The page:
Book beginnings on Fridays is hosted by Rose City Reader and it is a chance to share the first sentence or so of a book you’ve reading, about to read or recently read.
The book I’d like to share this week is The 24-Hour Cafe by Libby Page. I’m currently reading this book thanks to NetGalley and I am really enjoying it. I wanted to share the first couple of pages with hopes of also tempting you in…
The city never sleeps, and neither does Stella’s. A glowing red sign marks out the café that serves fish and chips, bangers and mash and American pancakes to Londoners and visitors at any time of day or night. While buses pull up and drift away outside the window, the coffee machine hisses and administers caffeine to the sleepless.
The diner occupies the ground floor of a tall building opposite Liverpool Street station, during the day one of the busiest stations in London, at night a waiting ground for holidaymakers catching the coach to Stansted airport, drunk students heading home from a night out in Shoreditch, and those with nowhere else to go huddling beneath the awning of the Starbucks concession.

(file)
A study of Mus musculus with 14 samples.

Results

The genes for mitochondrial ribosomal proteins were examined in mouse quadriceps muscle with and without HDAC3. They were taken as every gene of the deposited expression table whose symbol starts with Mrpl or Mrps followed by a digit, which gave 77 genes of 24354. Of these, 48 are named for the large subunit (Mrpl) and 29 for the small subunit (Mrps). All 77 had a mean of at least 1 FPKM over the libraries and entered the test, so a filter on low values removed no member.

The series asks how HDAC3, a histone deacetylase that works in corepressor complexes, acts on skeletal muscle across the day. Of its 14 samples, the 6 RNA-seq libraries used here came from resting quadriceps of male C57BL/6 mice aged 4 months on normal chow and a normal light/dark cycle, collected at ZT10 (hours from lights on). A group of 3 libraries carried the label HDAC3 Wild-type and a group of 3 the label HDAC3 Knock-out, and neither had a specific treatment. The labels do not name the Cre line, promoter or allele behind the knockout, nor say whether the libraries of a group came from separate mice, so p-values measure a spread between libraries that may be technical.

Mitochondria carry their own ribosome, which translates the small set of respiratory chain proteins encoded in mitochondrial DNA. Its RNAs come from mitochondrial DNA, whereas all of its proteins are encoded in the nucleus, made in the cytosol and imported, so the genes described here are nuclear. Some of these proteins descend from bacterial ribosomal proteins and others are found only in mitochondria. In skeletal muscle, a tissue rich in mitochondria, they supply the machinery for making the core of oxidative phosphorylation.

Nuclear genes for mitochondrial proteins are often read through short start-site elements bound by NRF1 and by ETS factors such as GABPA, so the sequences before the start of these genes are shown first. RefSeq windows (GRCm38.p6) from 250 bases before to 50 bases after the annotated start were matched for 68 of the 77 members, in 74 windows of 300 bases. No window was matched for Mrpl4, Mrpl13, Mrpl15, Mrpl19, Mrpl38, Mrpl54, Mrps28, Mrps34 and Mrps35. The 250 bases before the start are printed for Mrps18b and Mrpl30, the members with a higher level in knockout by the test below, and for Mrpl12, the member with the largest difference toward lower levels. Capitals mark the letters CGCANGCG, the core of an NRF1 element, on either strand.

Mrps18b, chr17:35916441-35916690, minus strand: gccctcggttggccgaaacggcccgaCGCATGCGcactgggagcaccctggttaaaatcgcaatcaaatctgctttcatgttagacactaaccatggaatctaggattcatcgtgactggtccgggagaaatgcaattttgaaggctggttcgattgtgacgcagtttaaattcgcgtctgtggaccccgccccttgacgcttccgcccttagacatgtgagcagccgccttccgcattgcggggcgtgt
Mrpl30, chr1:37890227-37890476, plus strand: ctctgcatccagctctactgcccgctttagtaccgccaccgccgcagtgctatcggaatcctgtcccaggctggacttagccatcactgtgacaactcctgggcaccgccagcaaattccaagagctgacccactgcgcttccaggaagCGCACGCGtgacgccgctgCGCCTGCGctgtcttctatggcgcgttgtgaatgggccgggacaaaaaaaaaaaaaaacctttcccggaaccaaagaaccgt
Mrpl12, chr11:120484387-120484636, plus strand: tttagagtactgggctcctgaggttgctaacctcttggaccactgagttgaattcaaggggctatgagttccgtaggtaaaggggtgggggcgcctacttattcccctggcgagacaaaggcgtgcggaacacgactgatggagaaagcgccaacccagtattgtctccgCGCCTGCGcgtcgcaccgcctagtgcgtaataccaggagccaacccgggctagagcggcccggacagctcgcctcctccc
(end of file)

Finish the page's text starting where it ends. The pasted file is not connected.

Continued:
Inside, the café is a gaudy mash-up of British and American nostalgia – nostalgia for a time and place that perhaps never existed on either side of the Atlantic. Every wall is covered in pictures. A pop-art style portrait of the Queen hangs next to a red plastic Coca Cola sign. Framed beer coasters below an old London Underground plaque that reads ‘Liverpool Street’ in huge letters. A lending library housed in a red wooden telephone box and a frumpy fringed lampshade hanging from the ceiling. Black and white checked linoleum lines the floor. Old wooden school chairs with space to slot books at the back sit opposite Formica tables and banks of fake leather seats. There are high tables with stools on either side, as well as dinerstyle booths where lamps hang low in the middle. Small packets of sauces sit in Oxo tins on the tables, red paper napkins stuffed beside them. In the middle of the café, at the back, is an antique Cadbury’s cabinet filled with cakes and smoothies in glass milk bottles. On a counter beside it is a shining silver coffee machine that glints with the reflection of the café and the faces of its lost souls. Behind the coffee bar is an enormous painted Union Jack, taking up the whole length and height of the back wall. Right in the centre, leaping from a wooden mount, is a stuffed brown bear. Its paws are outstretched, permanently frozen in ‘attack’. The bear is wearing a top hat.